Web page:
Seafarer shortage

Cash ‘not answer to crewing crisis’
23 March 2007 Lloyds List

PAYING “top dollar” seafarer salaries does not guarantee loyalty and is not the answer to the industry’s crewing crisis, according to a panel of experts, writes Rajesh Joshi.

The way to redress the problem is to foster lifelong “contracts” with seafarer recruits that build on career development, the panel at the Connecticut Maritime Association conference concluded.

Bob Bishop, chief executive of V.Ships Shipmanagement, told the Manning Strategies panel that the intractable challenges of attracting and retaining crews needed a radically creative approach that recognised the importance of email and communication links with mariners’ families.

The days of putting out to sea with no contact with the outside world for weeks or months on end were over, Mr Bishop said.

Today’s new generation expected to be “connected” with its family and friends every day, and this reality needed to be addressed.

Mr Bishop cited many reasons why the “romanticism” of going to sea had faded.

These included higher regulation, visa issues, criminalisation, cultural issues involving multinational crews and higher retirement levels, enveloped in the bigger challenge posed by more lucrative land-based employment opportunities.

Simply paying more in seafarer salaries was not the answer, he stressed. Instead, V.Ships sought to address reality by offering recruits a guarantee of a lifelong job if they so desired, wrapped into a clearly defined career development path.

The assurance of emails and internet use was an integral component of the company’s approach.

V.Ships had a goal of increasing its world-leading pool of 23,500 seafarers to 60,000 by 2010, Mr Bishop declared.

To this end, the company was placing greater emphasis on having cadets on board its managed ships, a number expected to rise from the present 765 to 1,500-2,000.

He identified the US and Canada as crew supply markets “worth revisiting” as the wage gap with the developing world narrowed.

In a strictly US con text, Overseas Shipholding Group’s vice-president for marine labour relations, Norm Gauslow, echoed the substance of Mr Bishop’s comments.

OSG’s 16 product tanker newbuilding programme in Philadelphia and six articulated tug barge newbuilding programme in Alabama had thrown up the need for 1,000 new seafarers ranging from entry-level unlicensed crew to middle and senior-level officers, Mr Gauslow said.

OSG was prepared for this challenge with a recruitment strategy that would promise entrants more than just the cash.

The company’s focus would be on defining clear career paths for seafarers, he said. a related story...

Classification society’s study says downward trend of recent years “is about to turn”, writes Rajesh Joshi in Connecticut, 22 March 2007 Lloyds List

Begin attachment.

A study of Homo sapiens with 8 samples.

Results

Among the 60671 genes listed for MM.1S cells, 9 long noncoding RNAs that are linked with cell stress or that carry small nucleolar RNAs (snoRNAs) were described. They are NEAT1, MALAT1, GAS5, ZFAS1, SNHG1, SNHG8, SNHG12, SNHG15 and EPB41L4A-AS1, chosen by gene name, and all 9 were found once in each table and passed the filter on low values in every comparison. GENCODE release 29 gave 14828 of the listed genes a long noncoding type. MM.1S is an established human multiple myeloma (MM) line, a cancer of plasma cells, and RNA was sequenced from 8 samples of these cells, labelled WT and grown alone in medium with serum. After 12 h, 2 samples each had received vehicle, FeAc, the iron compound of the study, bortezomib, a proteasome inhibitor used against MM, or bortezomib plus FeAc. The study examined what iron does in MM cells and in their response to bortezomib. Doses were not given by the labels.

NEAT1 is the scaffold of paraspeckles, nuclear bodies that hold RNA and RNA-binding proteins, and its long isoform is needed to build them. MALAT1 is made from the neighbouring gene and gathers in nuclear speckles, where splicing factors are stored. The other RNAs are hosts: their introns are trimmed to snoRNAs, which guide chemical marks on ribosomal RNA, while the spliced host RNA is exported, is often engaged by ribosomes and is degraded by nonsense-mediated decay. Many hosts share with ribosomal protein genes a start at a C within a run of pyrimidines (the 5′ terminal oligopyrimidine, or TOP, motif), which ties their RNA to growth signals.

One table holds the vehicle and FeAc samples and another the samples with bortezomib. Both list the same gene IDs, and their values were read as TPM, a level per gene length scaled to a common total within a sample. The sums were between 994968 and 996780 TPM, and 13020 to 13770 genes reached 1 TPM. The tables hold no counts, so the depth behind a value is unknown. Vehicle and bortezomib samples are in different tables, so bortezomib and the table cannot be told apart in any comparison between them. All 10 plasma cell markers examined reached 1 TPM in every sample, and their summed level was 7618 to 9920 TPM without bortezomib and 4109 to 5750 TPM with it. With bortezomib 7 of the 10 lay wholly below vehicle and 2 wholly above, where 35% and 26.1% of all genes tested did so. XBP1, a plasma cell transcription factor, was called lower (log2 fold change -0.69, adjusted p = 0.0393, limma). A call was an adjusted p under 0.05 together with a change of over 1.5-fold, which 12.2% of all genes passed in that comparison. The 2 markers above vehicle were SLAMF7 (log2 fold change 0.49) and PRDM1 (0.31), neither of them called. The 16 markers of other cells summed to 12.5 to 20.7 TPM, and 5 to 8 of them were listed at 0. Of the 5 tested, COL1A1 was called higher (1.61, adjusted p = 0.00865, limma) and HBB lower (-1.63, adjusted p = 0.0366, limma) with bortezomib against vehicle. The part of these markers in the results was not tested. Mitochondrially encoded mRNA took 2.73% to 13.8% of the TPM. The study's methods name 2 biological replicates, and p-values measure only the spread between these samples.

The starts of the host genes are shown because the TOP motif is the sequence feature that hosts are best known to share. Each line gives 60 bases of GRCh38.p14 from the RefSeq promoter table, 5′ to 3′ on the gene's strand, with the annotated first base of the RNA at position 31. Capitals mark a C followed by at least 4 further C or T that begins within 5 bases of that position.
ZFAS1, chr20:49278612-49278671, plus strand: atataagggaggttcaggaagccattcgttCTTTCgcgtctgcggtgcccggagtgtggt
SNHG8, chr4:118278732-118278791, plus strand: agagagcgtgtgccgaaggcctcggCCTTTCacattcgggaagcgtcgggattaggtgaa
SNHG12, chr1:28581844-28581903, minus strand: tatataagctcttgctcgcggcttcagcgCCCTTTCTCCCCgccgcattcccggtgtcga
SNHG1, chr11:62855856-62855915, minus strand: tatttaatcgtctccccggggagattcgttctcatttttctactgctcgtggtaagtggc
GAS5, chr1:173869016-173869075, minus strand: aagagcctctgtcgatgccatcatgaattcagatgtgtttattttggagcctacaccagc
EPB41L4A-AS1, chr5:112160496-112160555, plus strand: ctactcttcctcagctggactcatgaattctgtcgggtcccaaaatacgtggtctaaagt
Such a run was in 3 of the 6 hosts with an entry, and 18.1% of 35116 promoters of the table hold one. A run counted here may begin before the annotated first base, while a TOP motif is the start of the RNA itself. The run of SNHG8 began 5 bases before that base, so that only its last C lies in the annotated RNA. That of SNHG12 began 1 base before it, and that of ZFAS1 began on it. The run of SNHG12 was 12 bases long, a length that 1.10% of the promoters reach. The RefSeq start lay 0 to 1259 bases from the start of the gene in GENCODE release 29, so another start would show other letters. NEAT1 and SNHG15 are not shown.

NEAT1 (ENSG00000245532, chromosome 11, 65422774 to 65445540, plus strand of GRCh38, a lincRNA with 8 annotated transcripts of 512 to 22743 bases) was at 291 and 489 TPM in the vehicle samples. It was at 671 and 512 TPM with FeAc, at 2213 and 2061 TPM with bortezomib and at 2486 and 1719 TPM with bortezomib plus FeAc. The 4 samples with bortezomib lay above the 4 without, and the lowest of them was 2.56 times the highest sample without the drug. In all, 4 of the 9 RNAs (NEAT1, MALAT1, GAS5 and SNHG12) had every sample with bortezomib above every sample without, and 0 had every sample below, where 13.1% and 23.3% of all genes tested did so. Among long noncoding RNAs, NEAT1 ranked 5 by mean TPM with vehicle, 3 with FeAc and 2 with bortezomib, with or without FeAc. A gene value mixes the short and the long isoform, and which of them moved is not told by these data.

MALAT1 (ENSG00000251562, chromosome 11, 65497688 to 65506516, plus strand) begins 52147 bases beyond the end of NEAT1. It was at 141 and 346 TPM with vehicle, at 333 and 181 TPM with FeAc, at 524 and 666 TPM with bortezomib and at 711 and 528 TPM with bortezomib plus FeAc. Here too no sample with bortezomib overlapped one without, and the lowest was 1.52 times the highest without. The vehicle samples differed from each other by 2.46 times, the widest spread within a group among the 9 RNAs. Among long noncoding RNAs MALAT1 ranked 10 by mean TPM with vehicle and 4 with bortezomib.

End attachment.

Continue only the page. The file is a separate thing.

GROWING incompetence among crews, possibly brought on by new recruits, poor retention and overworked seafarers, could be the reason behind an increase in the frequency of serious maritime accidents since the start of the new century, Det norske Veritas has said.

Data released by the Norwegian classification society at the Connecticut Maritime Association conference purports to show that while accident figures today are half of what they were in the late 1980s, “the trend is about to turn”.

This reversal has been clearly felt and seen since the start of the present decade, according to DNV data.

Tor Svensen, chief operating officer of DNV Maritime, told Lloyd’s List that this unwelcome reversal of the trend could plausibly be attributed to a “loss of competence” among crews, linked with stress and fatigue but not necessarily attributable to fewer crew members per ship.

The link with reduced competence was only a theory, Mr Svensen stressed.

Nevertheless, figures compiled by DNV on navigational accident frequency for large containerships, ro-ros and crude as well as chemical tankers that date back to 1987 show a downward trend until 2001, followed by an increase from that point on.

Even the tanker segment, with its vaunted focus on safety, has reported more accidents than five years ago, DNV’s study notes.

The society says collisions, standing and contact damage are areas of high concern and the figures belie higher technical and transparency standards in the industry today.

Dr Espen Cramer, head of DNV Maritime Solutions, said in a statement: “In sum, the general level of experience on board vessels has been reduced. There are more new recruits, less retention and faster promotion.

“In addition, onboard workloads with respect to paperwork and inspections have increased while crew size is stable. Loss of experience is a stress factor for those... who have to continuously train newer crew members.”

Although shipping is going through relatively healthy economic times, it has to contend with increased demand for seafarers and loss of manpower to other industries, DNV’s study notes. Dr Cramer suggests “more focus on crew on board and management onshore” as a way to reduce accidents.

“The crew has to be more involved in safety and management has to demonstrate more commitment to safety,” he advises.

“In that respect, shipping still has more to learn from industries such as offshore and aviation.”